Today’s Post by Joe Farace
It doesn’t matter what person, place, or thing you’re photographing, the ultimate subject of any photograph is light. Whether it occurs naturally or artificially, light has three basic characteristics: quality, quantity, and color. The quality of the light on a subject ultimately determines the effectiveness of your photograph. That’s why writers spend lots of time taking you behind specific photo shoots describing the conditions under which the images were made. These descriptions of the aesthetic decisions that were made are designed to help you literally “see the light” so that you can benefit from our experience but the best way to learn how to see light is to shoot photographs and examine the success and failure of each photograph vis a vis the way you handled light in the final image.
How I made this shot: My friend and colleague Peter Burian considers Canon’s EF 85mm f/1.2L II USM to be a portrait lens, so I made a portrait of this hot rod. The 85mm focal length plus the EOS 30D 1.6X multiplication factor adds a nice perspective and cropping to this photograph—I think so anyway. Exposure was 1/250 sec at f/14 and ISO 320 and was underexposed by minus one-third stop to punch up the colors.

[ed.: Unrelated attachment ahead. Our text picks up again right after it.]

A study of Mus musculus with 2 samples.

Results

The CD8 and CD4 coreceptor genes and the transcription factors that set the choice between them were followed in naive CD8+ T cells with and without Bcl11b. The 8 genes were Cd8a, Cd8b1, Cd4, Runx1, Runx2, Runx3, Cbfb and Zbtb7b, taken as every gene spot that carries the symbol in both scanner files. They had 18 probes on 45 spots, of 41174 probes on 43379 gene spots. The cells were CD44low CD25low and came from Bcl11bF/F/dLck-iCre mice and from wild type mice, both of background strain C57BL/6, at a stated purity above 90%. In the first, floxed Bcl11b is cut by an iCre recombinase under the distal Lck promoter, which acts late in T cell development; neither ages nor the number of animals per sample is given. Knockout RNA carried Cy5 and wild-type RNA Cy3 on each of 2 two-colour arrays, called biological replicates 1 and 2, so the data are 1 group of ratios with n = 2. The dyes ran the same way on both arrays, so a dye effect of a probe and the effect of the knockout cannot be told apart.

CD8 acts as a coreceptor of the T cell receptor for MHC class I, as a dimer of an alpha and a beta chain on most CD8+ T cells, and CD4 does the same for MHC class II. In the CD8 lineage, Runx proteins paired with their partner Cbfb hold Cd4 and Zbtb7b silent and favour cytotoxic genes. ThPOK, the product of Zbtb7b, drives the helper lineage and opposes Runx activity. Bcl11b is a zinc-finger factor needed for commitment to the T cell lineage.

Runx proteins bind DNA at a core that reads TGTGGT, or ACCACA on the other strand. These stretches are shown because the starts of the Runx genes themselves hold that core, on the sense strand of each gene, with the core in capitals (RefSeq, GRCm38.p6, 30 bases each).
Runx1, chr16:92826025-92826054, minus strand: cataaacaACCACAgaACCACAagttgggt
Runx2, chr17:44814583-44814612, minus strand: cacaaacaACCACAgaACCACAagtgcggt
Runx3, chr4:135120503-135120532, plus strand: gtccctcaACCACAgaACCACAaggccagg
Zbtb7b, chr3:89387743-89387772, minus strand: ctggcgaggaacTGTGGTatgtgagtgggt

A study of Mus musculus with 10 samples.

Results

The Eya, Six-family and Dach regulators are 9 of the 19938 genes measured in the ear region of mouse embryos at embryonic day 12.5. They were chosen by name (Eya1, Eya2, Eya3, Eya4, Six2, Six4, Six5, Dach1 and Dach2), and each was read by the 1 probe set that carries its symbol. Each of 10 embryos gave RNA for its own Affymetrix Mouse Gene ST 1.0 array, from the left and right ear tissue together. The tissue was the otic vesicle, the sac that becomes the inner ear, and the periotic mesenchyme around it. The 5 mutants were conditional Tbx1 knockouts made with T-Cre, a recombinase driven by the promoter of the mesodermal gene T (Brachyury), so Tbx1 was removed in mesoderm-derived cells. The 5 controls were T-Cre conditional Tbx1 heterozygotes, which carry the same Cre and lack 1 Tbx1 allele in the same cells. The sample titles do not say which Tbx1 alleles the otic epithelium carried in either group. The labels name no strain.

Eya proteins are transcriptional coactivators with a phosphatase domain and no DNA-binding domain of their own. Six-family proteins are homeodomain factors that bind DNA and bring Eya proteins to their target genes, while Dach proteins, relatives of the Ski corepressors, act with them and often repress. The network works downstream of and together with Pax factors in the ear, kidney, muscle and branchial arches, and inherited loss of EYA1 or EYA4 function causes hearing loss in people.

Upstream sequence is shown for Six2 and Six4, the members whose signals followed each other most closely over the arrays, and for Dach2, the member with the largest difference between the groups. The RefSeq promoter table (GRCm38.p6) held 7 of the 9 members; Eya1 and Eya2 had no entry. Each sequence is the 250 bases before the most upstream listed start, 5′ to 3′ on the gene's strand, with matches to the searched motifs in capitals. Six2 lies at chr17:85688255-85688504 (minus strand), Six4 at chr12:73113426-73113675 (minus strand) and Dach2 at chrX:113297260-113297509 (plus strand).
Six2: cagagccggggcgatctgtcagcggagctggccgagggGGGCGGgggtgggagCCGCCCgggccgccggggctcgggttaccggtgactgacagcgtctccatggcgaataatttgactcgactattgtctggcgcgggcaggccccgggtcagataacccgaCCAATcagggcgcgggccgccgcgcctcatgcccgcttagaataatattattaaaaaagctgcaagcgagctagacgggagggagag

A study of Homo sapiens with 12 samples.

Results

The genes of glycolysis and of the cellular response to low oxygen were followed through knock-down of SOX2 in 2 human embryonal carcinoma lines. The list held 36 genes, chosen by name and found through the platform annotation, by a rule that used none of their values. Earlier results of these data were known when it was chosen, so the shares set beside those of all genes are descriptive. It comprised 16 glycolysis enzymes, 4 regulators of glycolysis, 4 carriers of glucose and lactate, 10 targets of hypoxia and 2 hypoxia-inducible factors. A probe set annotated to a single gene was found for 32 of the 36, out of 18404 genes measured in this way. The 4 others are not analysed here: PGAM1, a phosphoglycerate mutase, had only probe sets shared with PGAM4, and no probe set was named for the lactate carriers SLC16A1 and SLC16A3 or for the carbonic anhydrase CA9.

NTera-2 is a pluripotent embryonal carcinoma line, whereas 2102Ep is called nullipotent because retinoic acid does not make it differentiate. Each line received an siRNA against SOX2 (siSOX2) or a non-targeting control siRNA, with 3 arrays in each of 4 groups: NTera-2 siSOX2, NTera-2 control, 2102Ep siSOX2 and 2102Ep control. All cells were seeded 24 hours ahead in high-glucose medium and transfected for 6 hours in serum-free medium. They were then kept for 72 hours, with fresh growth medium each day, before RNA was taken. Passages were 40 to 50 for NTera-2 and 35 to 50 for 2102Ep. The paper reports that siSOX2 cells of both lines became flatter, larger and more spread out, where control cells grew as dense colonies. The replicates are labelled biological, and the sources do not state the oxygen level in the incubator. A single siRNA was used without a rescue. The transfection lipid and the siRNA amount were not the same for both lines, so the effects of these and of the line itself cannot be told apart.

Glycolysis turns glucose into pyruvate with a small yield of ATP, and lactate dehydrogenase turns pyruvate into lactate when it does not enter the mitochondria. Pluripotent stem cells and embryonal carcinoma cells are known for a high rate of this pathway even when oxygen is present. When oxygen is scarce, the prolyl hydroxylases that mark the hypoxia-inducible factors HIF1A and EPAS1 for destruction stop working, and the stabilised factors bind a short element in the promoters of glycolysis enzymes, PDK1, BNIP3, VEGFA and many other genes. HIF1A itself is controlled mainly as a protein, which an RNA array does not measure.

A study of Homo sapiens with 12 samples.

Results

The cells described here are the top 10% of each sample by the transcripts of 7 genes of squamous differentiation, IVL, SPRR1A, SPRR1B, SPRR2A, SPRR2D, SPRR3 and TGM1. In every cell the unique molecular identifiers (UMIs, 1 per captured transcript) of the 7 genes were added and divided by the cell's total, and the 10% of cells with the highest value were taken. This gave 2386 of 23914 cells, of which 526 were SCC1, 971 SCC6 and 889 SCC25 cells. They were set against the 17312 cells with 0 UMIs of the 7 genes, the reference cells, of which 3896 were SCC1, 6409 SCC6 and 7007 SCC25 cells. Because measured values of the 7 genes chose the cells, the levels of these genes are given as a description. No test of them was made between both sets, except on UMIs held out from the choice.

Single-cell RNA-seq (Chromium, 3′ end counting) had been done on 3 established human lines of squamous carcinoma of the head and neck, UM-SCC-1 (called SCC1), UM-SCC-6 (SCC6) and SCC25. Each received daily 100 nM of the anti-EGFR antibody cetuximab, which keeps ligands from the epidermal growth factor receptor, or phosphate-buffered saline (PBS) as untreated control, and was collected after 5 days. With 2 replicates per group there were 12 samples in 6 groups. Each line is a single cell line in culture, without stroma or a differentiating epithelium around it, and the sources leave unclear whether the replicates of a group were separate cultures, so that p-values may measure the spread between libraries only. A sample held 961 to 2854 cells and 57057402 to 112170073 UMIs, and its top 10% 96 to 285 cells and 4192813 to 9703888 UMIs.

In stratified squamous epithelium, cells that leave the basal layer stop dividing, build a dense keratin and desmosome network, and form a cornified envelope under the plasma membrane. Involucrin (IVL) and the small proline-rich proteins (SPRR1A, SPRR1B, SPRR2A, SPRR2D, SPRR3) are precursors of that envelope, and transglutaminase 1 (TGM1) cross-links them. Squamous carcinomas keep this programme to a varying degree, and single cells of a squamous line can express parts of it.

If light is the main ingredient in a photograph, then the quality of the light becomes the driving force in producing successful images. As you know, the earth’s complete rotation every twenty-four hours and our planet, with its slightly tilted axis, revolves around the sun every 365 days producing not only seasons but variations in length of day and night. That is where those long, lazy days of summer come from as well as winter’s shorter days. It’s also why the far northern latitudes receive almost total daylight in summer and near complete darkness in winter.
Knowledge of atmospheric conditions is essential to your understanding of light and the golden hour. Did you know that air pollution from industrial sites, forest fires and volcanic activity, affect the quality of light? Particulates in the air produced by these sources diffuse and scatter light rays. The haze in a Los Angeles basin sunset produces a different quality of light than the same sunset taken on a remote beach in the Hawaiian islands. Areas near Mount St. Helens and Yellowstone National Park had their sunrises and sunsets obliterated during the eruption and massive fires respectively. Yet photographers thousands of miles away had intense colors added to their low light experiences.
If you want to see what I had to say and see some results of using other 85mm lenses, take a look at my post “Lens Comparison: An Affordable 85mm f/1.4 Lens.”